Audi A4 Replacing Front Lower Control Arms

Steve Vernon

Time:

3 hours3 hrs

Tab:

$100 to $150

Talent:

***

Tools:

18mm sockets, 18mm, 16mm wrenches, 4mm Allen, ball joint spreader, floor jack, jack stands, wheel chocks, safety glasses, torque wrench, penetrating oil

Applicable Models:

Audi A4 (2002-05)
Audi A4 Cabriolet (2003-06)

Parts Required:

New control arms, all new nuts and bolts to replace old hardware

Hot Tip:

Hit all the hardware with penetrating oil before you begin

Performance Gain:

Ability to hold a proper alignment

Complementary Modification:

Front shock/spring replacement, front tie-rod replacement

The front suspension on the Audi A4 consists of two upper control arms that basically form an upper A-arm and a lower guide link and control link that connect to the wheel bearing housing. The strut and sway bar also connect to the lower control link. Note: if your vehicle is equipped with a level control system, you must remove the sensor-retaining clip on the left control link before removing.

The links can get damaged by road debris and the bearings will just wear out over time. If you are starting to feel a little slop in the front end, hearing a clicking sound when turning or it has been over 10,000 miles since you last checked, you should check the condition of all the suspension components including the lower links and replace as needed. Audi does not offer new bushings for the links, so your only option is to replace the entire link.

You will need to safely raise and support the vehicle to perform this work. Please see our article on safely jacking up and supporting your Audi A4. It is a good idea to hit the hardware with penetrating oil before you begin, especially if you live in a four-season climate. Note: the bonded rubber bushings have a limited torsional range and can only be tightened with the vehicle in driving position; this means back on the ground. Tightening the bushings without the vehicle in the proper position will result in over stressing the bushing and shortening their life span. Audi considers all hardware to be single use only and recommends replacement with new hardware after each use.

This photo illustrates the two lower links.
Figure 1

This photo illustrates the two lower links. You can see where the guide link connects to the chassis and wheel bearing housing (red arrows), as well as where the control link connects to the chassis and bearing housing (yellow arrow). Note that the ball joint on the guide link faces upward and the control link faces downward. It is a good idea to hit the hardware with penetrating oil before you begin, especially if you live in a four-season climate.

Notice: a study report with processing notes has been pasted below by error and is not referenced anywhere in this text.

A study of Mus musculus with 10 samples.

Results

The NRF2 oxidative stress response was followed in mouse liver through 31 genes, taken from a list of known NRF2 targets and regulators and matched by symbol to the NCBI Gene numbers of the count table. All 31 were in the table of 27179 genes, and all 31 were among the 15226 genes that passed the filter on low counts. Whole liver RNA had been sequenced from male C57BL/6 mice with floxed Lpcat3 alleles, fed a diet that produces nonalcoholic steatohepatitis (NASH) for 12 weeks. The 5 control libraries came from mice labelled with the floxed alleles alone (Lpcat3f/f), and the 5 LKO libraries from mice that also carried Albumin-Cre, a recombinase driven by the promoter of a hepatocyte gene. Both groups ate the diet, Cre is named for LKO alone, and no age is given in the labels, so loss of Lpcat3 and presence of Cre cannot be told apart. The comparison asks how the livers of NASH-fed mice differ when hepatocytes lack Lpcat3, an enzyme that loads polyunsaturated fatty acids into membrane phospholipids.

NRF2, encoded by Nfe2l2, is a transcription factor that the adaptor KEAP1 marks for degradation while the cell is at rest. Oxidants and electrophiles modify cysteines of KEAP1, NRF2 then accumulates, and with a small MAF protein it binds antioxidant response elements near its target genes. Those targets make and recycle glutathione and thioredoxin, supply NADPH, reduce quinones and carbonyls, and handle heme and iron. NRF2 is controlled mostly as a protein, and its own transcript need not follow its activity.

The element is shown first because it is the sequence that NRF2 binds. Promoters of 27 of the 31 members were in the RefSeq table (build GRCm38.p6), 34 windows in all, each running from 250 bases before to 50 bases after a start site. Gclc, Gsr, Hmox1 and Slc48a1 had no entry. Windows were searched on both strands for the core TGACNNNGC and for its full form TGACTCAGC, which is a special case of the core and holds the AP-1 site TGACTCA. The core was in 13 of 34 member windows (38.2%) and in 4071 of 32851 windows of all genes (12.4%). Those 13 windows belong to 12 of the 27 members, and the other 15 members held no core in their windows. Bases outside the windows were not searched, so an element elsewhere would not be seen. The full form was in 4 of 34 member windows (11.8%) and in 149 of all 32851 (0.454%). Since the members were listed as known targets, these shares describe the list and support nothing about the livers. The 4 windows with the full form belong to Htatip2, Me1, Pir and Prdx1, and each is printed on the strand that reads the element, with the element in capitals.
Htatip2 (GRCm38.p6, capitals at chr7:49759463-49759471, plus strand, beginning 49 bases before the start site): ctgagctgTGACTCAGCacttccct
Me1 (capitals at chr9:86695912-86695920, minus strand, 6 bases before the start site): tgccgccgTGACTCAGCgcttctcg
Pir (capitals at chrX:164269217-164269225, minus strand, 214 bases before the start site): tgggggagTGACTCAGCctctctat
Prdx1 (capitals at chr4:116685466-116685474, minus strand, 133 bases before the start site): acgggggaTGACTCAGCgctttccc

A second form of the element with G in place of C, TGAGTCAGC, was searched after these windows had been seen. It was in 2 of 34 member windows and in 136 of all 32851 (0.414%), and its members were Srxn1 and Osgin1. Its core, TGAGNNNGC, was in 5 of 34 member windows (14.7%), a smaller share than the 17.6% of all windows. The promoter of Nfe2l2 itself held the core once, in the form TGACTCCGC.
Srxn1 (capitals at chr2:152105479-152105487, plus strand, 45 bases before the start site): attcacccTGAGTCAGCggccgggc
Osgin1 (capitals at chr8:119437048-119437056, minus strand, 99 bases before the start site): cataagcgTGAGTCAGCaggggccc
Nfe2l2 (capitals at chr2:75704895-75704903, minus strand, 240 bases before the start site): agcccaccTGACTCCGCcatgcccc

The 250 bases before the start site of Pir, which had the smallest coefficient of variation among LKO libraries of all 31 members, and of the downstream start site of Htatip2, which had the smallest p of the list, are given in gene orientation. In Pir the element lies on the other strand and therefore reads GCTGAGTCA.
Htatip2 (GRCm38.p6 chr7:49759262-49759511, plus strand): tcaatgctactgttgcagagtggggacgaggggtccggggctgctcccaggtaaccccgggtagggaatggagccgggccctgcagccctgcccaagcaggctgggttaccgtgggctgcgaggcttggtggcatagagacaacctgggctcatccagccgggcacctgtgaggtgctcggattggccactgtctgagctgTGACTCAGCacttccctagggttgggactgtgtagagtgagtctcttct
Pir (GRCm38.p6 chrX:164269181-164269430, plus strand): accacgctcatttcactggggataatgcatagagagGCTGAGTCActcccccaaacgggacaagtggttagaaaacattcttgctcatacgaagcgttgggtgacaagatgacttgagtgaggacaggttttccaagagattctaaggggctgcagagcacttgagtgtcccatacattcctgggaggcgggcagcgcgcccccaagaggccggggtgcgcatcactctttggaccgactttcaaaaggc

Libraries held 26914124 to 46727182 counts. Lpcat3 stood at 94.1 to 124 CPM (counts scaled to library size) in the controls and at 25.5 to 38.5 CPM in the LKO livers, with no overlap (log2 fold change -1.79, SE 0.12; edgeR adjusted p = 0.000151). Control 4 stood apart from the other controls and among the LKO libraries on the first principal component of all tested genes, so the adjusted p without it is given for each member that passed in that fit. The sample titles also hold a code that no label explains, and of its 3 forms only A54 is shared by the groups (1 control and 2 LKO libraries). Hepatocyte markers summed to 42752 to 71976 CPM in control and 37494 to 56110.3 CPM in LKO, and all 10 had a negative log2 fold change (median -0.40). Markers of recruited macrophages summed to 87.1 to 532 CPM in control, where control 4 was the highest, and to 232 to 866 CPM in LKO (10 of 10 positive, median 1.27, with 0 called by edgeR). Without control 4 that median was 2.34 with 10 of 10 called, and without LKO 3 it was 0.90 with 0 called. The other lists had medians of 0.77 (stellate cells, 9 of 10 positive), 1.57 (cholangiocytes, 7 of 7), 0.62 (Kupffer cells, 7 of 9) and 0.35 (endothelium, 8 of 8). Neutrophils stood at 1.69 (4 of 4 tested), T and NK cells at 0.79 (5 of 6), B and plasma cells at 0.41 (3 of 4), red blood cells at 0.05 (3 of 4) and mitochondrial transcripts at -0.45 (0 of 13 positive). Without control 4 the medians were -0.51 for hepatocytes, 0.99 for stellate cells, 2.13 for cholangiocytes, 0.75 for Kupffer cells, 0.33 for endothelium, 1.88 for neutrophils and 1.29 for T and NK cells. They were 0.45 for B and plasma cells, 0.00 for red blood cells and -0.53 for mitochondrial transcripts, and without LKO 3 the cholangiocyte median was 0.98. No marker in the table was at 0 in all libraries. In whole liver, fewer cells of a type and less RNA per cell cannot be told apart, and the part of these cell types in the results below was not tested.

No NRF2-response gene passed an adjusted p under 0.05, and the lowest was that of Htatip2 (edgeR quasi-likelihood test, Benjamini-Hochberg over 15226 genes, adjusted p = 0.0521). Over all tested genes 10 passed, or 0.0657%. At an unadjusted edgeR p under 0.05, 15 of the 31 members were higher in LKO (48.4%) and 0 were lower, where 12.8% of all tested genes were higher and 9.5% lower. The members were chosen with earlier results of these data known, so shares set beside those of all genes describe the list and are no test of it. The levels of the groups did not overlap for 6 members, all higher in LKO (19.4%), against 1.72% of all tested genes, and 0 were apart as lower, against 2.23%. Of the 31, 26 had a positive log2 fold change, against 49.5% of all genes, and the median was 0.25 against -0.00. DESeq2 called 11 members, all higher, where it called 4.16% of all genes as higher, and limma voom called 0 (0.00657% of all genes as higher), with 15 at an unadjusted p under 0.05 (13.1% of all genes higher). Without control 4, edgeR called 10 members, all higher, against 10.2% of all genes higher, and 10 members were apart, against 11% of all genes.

To remove the lower control link first, remove the strut and sway bar connections (green arrows).
Figure 2

To remove the lower control link first, remove the strut and sway bar connections (green arrows). You can unbolt the strut bolt using two 18mm wrench or socket combinations, while the sway bar bracket is 16mm. Next, you will need to disconnect the control link from the wheel bearing housing (red arrow) and the chassis (yellow arrow). Note: if your vehicle is equipped with a level control system, you must remove the sensor retaining clip on the left control link before removing.

Use an 18mm socket to hold the bolt (yellow arrow) and remove the 18mm nut using a wrench (red arrow).
Figure 3

Use an 18mm socket to hold the bolt (yellow arrow) and remove the 18mm nut using a wrench (red arrow).

The control link is connected to the bearing housing with a ball joint.
Figure 4

The control link is connected to the bearing housing with a ball joint. Use a 4mm Allen to keep the ball joint shaft from turning (yellow arrow) and remove the nut using an 18mm wrench (red arrow).

Use a ball joint separator to separate the link from the housing (red arrow).
Figure 5

Use a ball joint separator to separate the link from the housing (red arrow).

The new ball joint should have a good fitting rubber boot with no tears or cracks (red arrow).
Figure 6

The new ball joint should have a good fitting rubber boot with no tears or cracks (red arrow).

Remove the guide link from the chassis using an 18mm socket to hold the bolt (yellow arrow).
Figure 7

Remove the guide link from the chassis using an 18mm socket to hold the bolt (yellow arrow). Then using an 18 wrench, reach up through the access port in the chassis and remove the nut (red arrow)

Remove the ball joint from the bearing housing in the same manner as you remove the guide link ball joint (red arrow).
Figure 8

Remove the ball joint from the bearing housing in the same manner as you remove the guide link ball joint (red arrow).

Installation of the links is the reverse of removal.
Figure 9

Installation of the links is the reverse of removal. Note: the bonded rubber bushings have a limited torsional range and can only be tightened with the vehicle in driving position; this means back on the ground. Tightening the bushings without the vehicle in the proper position will result in over stressing the bushing and shortening their life span. Audi considers all hardware to be single use only and recommends replacement with new hardware after each use.